George Foster, strategic account director for Risk Advisory Services (RAS) at Wilson James, looks at the qualities and sought-after skills required by close protection operatives.

Asked to describe a typical bodyguard, most of the general public would probably paint a picture of a James Bond-esque, ex-special forces all action hero. It’s an image exacerbated by TV programmes like The Bodyguard, the 2018 BBC drama where an army war veteran is assigned to protect a controversial politician.

Old and new

While certainly not the oldest profession, bodyguards have been used throughout history to protect people, often for good reason. For example, Abraham Lincoln was said to have stood down his team of bodyguards midway through the play he was watching on the night he was assassinated by John Wilkes Booth.

Although the fundamental elements of bodyguarding have remained constant through time, the role, as well and the skills and abilities of those performing it, continues to evolve. It is fair to say that the close protection industry is flourishing, but it’s not just the rich and famous that need close protection – high profile business people, or prominent government officials have been known to attract the wrong kind of attention, so they too have to keep themselves and their families safe by employing this type of specialist protection.

Risky business

Although risks can sometimes be perceived rather than actual, it’s not always easy to differentiate and who would take the risk of ignoring a threat to their welfare? Having an effective security solution in place is wholly dependent on awareness of any risks and threats, which is why leading security solutions providers are increasingly adept at ascertaining exactly what type of dangers an individual could be exposed to and configuring a unique solution. A thorough risk assessment and subsequent expert advice should therefore be the first stage in a process of deciding if a bodyguard is required and, if so, what type of person is best suited to the role.

Close protection is not a ‘one size fits all’ discipline. Specialist providers can deploy individuals who are able to protect specific environments and have been given training and support that enables them to perform their roles to the highest standard. Leading companies also offer a range of complementary services including technical surveillance countermeasures and protective surveillance. In addition, residential security teams can provide frontline protection for property, while security trained drivers can ensure the safety of a client to and from a location, whether for business or daily travel.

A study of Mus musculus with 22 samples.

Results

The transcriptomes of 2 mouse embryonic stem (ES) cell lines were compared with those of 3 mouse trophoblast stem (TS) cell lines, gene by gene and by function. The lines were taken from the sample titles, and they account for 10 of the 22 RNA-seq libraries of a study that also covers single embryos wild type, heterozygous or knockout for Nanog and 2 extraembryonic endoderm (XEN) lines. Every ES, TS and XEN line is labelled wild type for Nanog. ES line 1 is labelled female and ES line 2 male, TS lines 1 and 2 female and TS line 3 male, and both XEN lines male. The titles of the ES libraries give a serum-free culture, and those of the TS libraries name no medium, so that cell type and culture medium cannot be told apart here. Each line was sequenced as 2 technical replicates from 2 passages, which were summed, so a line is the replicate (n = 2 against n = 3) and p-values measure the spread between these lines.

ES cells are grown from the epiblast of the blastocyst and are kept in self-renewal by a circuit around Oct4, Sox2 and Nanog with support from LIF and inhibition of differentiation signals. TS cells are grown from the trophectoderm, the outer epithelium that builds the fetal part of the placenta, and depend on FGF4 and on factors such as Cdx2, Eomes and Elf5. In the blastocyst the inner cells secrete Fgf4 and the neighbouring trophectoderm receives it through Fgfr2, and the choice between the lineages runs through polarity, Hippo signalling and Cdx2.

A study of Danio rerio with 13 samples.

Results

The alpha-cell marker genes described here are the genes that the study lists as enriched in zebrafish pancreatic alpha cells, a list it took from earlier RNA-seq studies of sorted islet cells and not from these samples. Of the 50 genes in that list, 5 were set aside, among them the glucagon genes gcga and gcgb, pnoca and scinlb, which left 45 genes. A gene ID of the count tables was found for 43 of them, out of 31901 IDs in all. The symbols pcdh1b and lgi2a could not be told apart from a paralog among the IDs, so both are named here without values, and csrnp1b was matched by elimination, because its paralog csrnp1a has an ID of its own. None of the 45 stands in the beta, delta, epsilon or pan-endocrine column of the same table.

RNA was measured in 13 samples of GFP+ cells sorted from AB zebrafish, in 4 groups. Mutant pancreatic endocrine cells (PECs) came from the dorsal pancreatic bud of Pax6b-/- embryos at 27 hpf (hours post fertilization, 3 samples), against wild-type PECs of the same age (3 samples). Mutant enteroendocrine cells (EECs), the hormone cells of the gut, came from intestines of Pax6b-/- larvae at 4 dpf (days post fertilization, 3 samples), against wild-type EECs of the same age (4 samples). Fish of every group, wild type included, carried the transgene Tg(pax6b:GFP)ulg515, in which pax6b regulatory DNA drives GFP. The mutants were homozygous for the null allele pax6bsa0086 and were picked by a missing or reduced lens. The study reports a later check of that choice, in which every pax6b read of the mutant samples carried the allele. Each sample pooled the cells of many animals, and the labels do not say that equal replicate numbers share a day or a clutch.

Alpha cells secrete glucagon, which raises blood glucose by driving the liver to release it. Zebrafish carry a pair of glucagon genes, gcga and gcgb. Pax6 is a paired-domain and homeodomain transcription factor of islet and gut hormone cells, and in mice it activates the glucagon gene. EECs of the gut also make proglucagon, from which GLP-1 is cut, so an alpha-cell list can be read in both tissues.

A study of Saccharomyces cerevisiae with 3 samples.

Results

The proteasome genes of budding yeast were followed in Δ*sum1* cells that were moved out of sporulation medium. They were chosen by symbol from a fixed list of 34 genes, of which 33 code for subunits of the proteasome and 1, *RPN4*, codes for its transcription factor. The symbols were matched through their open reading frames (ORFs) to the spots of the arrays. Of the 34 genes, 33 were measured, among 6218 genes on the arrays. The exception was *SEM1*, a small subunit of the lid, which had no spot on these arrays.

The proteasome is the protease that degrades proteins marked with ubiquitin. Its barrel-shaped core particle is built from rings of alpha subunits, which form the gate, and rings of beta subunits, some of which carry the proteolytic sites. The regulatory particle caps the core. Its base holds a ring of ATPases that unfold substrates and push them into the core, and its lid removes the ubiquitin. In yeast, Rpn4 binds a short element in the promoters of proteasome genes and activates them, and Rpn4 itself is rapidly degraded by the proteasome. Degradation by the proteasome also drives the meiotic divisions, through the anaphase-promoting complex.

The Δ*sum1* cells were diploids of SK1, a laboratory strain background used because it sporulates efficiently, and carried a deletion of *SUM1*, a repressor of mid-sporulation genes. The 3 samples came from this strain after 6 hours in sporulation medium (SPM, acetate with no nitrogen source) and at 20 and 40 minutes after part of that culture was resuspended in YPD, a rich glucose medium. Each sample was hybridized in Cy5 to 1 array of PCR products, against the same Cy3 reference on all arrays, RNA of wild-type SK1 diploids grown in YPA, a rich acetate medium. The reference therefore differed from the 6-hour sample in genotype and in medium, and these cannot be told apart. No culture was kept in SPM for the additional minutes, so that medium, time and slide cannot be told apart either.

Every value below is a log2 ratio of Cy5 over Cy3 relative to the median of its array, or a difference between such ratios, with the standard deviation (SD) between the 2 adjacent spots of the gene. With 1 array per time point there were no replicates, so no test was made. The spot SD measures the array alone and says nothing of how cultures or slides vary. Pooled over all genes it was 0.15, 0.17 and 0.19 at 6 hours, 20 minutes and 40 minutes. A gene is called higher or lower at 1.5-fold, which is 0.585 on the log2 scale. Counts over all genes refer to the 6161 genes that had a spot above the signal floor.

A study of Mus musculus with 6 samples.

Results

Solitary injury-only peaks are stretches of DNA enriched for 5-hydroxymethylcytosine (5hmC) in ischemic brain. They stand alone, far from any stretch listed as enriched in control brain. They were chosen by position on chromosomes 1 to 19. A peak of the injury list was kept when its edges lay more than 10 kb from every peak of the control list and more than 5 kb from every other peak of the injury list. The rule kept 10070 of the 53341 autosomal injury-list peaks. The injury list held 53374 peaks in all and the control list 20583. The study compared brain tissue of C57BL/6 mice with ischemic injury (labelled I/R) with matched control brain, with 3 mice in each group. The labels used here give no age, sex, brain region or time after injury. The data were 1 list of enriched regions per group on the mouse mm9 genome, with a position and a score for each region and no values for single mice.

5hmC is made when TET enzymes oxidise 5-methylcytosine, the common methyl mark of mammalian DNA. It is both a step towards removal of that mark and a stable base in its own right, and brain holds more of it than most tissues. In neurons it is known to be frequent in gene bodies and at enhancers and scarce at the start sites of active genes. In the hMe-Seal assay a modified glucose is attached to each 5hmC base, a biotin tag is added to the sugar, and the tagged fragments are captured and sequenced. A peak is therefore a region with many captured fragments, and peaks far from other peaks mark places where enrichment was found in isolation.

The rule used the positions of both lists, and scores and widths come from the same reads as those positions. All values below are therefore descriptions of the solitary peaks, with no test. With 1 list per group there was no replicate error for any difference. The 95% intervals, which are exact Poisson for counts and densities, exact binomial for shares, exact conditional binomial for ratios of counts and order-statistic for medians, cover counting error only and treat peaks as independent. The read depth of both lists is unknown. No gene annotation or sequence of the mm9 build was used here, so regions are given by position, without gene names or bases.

Contributing factors

One of the key contributors to the evolution of close protection is the diversity of the client base – this is, after all, an international service with many types of people who need protection for a myriad of different reasons. In addition to this is the general security landscape, which has seen the threats and risks that have to be mitigated against change vastly in the last couple of decades.

Then there’s the fact that there are 14,500 Security Industry Authority (SIA) licensed operatives in the UK alone, some of whom might be asked to carry out bodyguarding duties. This level of choice is not always as beneficial as it sounds though, as having an SIA licence does not always make someone suitable for this type of specialist role. Conversely, companies that take the provision of close protection seriously increasingly use high level training and employ psychological profiling to match bodyguard to client, ensuring a more effective and productive relationship.

Diverse approach

So, what are the qualities and skills that a modern bodyguard needs? First of all, forget the traditional stereotype described earlier – not all clients want a male, ex-special forces operative.

For instance, more than ever before, female close protection operatives are in high demand. Why? Contrary to the views of the still prevalent macho sorts within this sector, they often offer a subtle, soft-skilled and multifaceted approach, while possessing the capability to deliver harder skills when required. This immediately lends itself to female bodyguards being assigned to a female principal or a child. Like many other jobs out there, being a bodyguard is about professional relationships and women excel where a high level of emotional intelligence is required.

In addition, bodyguards who are multilingual and culturally aware are sought after. It’s hugely beneficial to be able to communicate with a client in their native tongue and operationally it can avoid a relationship being awkward and a little ‘clunky’ – something that could potentially cause security issues. Cultural etiquette can also be advantageous. For example, how a bodyguard deals with a UK based client will be totally different to that of project involving someone from the Middle East.

In the mix

Although close protection professionals now need to be far more diverse than they ever have been, those with a special forces, military or police background are far from obsolete. The point is that today, the bodyguard or close protection team is not only about the operative and their hard skills, it’s also very much about the client and creating a solution that is right for them and their circumstances. After all this business can be, and usually is, personal.

Contact: Cadence Woodland, [email protected], or visit www.wilsonjames.co.uk.